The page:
Life in the Cloud

This may be the year that Cloud Computing really starts to take off – mainstream coverage has started to appear like this piece on the BBC website and it is appearing on corporate IS agendas.

I’ve been thinking quite a bit about this shift recently and I think under cover of this there is a much more profound change taking place – the shift from document centricity to web centricity.

By this I mean that the old client-server model which dominated the latter years of the last century gave way in this to a web-centric view of the world. Let’s call them the “Microsoft Way” and the “Google Way” since those two giants dominate each approach respectively.

The Micosoft Way focusses on the individual, sitting at his or her PC, loaded with software which empowers personal productivity, but in a off-line way. This was sensible – internet connections were slow and hard to come by and the best security came from having your documents on your machine.

Of course collaboration in this model was difficult – you created a document, emailed it to some colleagues, they each changed a bit and sent it back and you were left with the task of combining the results. This means multiple versions out them, many part-finished versions languishing on file and print servers, and email inboxes clogged up with documents.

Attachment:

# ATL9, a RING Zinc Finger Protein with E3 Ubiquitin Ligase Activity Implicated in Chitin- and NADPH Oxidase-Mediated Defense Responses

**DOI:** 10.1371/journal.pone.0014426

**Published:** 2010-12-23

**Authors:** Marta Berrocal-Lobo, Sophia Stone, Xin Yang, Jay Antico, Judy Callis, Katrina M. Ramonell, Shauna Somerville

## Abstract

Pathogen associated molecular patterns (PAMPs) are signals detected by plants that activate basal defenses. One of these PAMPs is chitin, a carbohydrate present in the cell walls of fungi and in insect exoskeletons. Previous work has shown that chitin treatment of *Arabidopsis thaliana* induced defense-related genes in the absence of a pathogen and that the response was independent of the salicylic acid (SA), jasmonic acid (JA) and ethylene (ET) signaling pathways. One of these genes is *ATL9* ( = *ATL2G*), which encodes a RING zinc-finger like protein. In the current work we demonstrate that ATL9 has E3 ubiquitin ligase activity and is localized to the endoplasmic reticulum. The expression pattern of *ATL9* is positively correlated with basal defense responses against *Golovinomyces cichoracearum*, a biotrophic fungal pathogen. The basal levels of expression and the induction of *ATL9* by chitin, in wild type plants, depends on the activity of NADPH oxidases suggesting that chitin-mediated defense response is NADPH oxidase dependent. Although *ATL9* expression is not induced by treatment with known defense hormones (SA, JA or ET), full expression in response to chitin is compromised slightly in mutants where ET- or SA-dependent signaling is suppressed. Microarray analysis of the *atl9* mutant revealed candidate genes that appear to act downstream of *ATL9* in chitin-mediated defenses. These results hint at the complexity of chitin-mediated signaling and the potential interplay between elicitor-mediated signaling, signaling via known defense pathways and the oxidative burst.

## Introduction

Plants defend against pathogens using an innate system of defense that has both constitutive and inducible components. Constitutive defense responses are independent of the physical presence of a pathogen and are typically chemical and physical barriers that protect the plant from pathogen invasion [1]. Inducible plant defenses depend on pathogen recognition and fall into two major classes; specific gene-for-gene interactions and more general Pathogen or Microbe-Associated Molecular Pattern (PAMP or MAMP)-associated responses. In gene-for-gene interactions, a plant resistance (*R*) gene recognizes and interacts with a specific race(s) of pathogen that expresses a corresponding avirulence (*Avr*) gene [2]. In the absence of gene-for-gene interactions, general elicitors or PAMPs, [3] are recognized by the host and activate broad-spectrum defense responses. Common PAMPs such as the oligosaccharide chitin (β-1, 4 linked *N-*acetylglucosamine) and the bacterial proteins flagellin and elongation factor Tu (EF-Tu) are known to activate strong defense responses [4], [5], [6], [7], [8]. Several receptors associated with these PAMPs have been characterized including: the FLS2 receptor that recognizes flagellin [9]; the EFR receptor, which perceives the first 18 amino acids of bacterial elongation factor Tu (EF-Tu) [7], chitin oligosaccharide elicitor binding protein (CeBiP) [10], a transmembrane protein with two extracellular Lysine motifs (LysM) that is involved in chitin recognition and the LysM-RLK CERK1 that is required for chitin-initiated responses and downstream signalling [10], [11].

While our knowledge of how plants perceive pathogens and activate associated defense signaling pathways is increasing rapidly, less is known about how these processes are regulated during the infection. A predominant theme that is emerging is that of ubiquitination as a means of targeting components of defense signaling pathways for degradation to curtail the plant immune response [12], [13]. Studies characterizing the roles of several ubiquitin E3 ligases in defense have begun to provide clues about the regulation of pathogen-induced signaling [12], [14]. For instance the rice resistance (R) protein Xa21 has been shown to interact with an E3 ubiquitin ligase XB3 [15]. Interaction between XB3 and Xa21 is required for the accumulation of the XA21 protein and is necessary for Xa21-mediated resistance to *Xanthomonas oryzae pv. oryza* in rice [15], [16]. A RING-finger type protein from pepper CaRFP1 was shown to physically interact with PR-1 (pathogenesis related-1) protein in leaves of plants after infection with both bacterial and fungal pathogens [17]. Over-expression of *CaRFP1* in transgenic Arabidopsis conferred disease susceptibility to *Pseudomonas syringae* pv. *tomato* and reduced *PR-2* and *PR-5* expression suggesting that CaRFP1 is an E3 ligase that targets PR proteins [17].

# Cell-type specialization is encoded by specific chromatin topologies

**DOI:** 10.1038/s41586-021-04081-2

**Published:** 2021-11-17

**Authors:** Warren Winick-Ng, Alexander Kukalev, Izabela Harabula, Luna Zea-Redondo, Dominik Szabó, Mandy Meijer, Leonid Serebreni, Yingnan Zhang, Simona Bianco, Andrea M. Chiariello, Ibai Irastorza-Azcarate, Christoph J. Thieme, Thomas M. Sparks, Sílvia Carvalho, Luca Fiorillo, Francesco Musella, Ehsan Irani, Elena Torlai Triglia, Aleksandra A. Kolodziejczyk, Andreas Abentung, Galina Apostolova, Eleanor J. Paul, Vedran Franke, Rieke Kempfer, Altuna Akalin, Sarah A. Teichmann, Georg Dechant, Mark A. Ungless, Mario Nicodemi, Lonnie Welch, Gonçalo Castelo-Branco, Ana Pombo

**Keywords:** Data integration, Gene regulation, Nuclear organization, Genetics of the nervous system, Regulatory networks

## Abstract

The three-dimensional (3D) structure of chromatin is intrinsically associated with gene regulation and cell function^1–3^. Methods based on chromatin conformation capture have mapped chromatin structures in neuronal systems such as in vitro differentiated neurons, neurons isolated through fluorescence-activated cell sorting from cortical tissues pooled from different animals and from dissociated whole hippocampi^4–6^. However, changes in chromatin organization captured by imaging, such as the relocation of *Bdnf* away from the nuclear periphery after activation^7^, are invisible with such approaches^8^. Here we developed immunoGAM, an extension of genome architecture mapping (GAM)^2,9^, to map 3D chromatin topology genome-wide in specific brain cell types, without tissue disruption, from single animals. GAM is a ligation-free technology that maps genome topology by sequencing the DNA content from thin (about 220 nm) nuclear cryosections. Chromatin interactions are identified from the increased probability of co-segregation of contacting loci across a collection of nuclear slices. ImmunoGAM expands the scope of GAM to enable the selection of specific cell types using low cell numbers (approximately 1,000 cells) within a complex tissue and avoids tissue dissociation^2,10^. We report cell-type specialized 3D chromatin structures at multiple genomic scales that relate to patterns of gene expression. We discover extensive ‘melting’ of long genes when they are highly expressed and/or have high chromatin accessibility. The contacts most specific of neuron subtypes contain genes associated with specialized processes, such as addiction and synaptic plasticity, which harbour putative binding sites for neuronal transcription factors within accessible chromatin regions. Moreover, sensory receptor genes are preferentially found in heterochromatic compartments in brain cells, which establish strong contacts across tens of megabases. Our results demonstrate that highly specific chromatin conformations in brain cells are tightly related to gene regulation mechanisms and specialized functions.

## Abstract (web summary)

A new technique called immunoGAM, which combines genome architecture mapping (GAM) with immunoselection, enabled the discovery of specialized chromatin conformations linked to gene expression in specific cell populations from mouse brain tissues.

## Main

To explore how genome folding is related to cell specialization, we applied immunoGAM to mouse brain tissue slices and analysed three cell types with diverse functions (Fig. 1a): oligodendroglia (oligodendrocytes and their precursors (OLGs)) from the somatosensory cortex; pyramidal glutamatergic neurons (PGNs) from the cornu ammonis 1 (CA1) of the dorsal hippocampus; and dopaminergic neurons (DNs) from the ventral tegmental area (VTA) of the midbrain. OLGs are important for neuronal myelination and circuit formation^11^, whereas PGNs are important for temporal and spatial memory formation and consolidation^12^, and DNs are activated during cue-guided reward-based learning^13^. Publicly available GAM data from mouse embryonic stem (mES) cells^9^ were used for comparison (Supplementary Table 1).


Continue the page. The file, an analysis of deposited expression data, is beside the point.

The solutions, often quite complex and hard to use,  were then bolted on top – Track Changes to version documents, Sharepoint to store official version of documents, LiveMeeting to allow collaboration over the internet etc etc.

The Google Way is different. It starts with the internet – Google was born in a age when ubiquitous connectivity was becoming a reality.  The document in Google Apps starts life as an online document with the presumption it will be shared. Multiple people can edit the document simultaneously and all these edits can be tracked and rolled back seamlessly. Spreadsheets come with forms which can be emailed or embedded and which can update online spreadsheets which can be published onto intranets through Sites. Presentations can be instantly shared both in creation and play-back mode. Person-to-person communication through chat, video and VOIP is built in. Storage is no longer a problem – quotas are huge and growing.

Much of this can be achieved using the old paradigm but usually at an additional cost in licences (Sharepoint, Infopath, Livemeeting etc) and more often than not with the required help of internal IS staff who are needed to configure these complex add-ons.

This of course works for the IS community in corporations, creating jobs and a meaningful role in companies. But start-ups are not using these products – they are jumping straight to the cloud solutions – the Google Apps, 37 Signals, solutions which are much simpler to use, and much more configurable by the users.

The result of this is dangerous – it has the capacity to create a real competitive chasm – building on a platform like Apps can empower ordinary knowledge workers to create quite sophisticated solutions without the intervention of programmers. The more they build the greater their propensity to build. And all of this extra functionality is coming at a very low cost and is increasing their agility.

In my view this is the real cultural shift at the heart of the Cloud Computing debate. Just putting your old apps into someone’s datacentre misses the point. Changing the way you work is the really smart move.